Student Loans

A student loan is money that is borrowed from the government or a private institution to help you pay for college. They are different from scholarships and grants, as you will eventually have to pay back student loans. On the other hand, loans are not distributed based on merit such as academics, athletics, or music. They are distributed based on a combination of your credit score and financial need. Student loans can cover your tuition, room and board, books, and sometimes additional spending money to put towards cost of living and other academic expenses.

There are two main types of loans. There are federal loans and private loans. The advantage of federal loans is that your repayment plan is based on cost of attendance and your salary or family’s income, allowing for a more feasible monthly payment. Second, you don’t need a credit history to apply for them and because of this you don’t need a cosigner to apply for federal loans. Many first time borrowers tend to choose federal loans because the interest rates are often lower than private loans and some may even offer loan forgiveness.

Private student loans are offered by banks, credit unions, or even online lenders. Interest rates vary from lender to lender, whereas federal loans rates are fixed. You do not need to complete a FAFSA to apply for a private loan, but instead you must pass a credit check. You apply directly with the lender, either online or in person and then they will provide you with a variety of options based on your specific needs.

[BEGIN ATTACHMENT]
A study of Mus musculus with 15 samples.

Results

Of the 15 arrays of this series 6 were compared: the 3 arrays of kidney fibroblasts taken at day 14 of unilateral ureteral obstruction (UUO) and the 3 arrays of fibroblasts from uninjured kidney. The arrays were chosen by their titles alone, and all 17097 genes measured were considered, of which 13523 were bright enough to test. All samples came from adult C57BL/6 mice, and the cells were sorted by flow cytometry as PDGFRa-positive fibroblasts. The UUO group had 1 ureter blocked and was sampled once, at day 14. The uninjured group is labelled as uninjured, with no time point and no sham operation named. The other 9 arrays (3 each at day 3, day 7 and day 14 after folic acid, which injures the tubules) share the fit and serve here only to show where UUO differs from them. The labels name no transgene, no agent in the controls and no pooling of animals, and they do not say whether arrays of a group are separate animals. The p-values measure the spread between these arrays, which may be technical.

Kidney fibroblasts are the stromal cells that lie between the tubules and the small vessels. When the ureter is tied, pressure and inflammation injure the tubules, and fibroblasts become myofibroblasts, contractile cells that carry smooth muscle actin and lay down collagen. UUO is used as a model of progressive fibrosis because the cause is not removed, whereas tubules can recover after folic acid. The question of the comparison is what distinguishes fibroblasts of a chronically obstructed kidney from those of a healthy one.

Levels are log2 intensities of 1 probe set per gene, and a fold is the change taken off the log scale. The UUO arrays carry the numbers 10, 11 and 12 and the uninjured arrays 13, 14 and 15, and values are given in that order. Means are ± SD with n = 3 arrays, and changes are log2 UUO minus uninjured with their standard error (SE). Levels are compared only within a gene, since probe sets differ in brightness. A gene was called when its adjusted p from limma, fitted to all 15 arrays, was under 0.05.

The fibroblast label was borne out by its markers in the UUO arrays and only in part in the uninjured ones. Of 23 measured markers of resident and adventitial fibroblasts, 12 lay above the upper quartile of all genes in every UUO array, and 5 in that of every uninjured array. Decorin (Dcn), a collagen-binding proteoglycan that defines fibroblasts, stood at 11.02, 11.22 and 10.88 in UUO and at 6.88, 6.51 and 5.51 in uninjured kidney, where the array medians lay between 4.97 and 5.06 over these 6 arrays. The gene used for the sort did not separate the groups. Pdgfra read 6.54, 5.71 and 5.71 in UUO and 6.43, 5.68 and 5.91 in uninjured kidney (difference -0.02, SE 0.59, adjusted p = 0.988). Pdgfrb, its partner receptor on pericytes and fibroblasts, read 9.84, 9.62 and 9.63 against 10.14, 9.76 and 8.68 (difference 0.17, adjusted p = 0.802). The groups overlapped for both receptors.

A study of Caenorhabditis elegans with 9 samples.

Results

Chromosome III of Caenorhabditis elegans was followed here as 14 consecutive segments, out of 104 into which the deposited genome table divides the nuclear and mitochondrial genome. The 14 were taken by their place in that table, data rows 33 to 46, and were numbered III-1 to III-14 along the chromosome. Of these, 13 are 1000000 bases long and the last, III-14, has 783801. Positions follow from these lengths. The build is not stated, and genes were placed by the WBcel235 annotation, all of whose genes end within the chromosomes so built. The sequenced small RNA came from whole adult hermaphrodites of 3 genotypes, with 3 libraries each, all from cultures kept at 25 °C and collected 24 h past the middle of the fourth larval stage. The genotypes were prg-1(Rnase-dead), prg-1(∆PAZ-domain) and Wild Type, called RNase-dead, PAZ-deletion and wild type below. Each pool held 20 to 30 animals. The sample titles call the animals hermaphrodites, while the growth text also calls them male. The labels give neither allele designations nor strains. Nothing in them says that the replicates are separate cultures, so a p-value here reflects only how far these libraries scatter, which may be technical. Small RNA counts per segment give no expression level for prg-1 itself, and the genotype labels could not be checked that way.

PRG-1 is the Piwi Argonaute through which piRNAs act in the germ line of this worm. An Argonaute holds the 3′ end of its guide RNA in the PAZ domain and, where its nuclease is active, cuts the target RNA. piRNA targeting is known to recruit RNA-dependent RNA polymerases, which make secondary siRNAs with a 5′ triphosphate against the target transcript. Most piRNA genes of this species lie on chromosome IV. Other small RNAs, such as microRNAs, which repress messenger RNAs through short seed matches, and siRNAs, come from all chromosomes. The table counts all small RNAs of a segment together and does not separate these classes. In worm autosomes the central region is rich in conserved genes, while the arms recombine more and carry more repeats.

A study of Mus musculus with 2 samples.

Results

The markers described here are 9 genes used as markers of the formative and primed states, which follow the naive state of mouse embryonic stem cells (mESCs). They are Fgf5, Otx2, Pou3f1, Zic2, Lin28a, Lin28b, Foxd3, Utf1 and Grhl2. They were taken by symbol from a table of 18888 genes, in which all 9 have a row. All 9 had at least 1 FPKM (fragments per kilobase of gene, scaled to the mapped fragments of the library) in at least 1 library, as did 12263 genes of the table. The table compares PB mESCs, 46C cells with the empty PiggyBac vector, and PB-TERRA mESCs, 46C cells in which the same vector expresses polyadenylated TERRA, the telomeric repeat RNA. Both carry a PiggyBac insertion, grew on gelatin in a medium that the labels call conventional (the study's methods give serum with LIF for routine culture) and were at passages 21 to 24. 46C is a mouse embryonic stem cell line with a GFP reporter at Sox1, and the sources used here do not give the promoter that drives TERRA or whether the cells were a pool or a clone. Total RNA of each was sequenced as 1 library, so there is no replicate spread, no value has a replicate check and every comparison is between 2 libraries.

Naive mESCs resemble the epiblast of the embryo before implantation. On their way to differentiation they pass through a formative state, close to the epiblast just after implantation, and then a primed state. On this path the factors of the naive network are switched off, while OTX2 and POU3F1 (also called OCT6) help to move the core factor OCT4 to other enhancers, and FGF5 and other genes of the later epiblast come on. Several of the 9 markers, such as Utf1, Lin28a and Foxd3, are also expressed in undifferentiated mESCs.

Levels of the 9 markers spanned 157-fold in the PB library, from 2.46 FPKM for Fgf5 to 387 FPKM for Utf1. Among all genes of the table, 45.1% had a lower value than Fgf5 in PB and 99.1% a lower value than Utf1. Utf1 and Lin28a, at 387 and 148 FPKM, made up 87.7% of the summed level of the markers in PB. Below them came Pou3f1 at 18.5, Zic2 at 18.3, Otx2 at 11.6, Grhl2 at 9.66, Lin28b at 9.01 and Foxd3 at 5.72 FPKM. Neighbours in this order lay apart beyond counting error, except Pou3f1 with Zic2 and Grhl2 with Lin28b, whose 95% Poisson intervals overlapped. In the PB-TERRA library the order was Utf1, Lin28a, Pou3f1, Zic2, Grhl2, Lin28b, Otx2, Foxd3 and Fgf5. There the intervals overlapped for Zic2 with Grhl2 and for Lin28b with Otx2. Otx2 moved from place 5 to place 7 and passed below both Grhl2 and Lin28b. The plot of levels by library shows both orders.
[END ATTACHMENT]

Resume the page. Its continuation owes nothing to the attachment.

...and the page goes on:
Aside from having decent credit, there are other common requirements for a private student loan. You must meet the age, citizenship and education requirements. You must meet both income and credit criteria. You're only allowed to use the money specifically for educational expenses. And lastly, you need a creditworthy cosigner. But there are some benefits to private loans. While a cosigner is required, having one may actually increase your chances of approval and get you a better interest rate. You can earn even further discounts on interest rates if your credit is good enough. Since private loans are not based on your financial needs, it is possible to get a higher loan amount. Students mostly take out private loans once they have maxed out federal student loans and need additional financing options. But if you know you have excellent credit already, it may be worthwhile looking into a private loan first.

To learn more about your specific student loans and what you qualify for, please visit The Office of Financial Aid.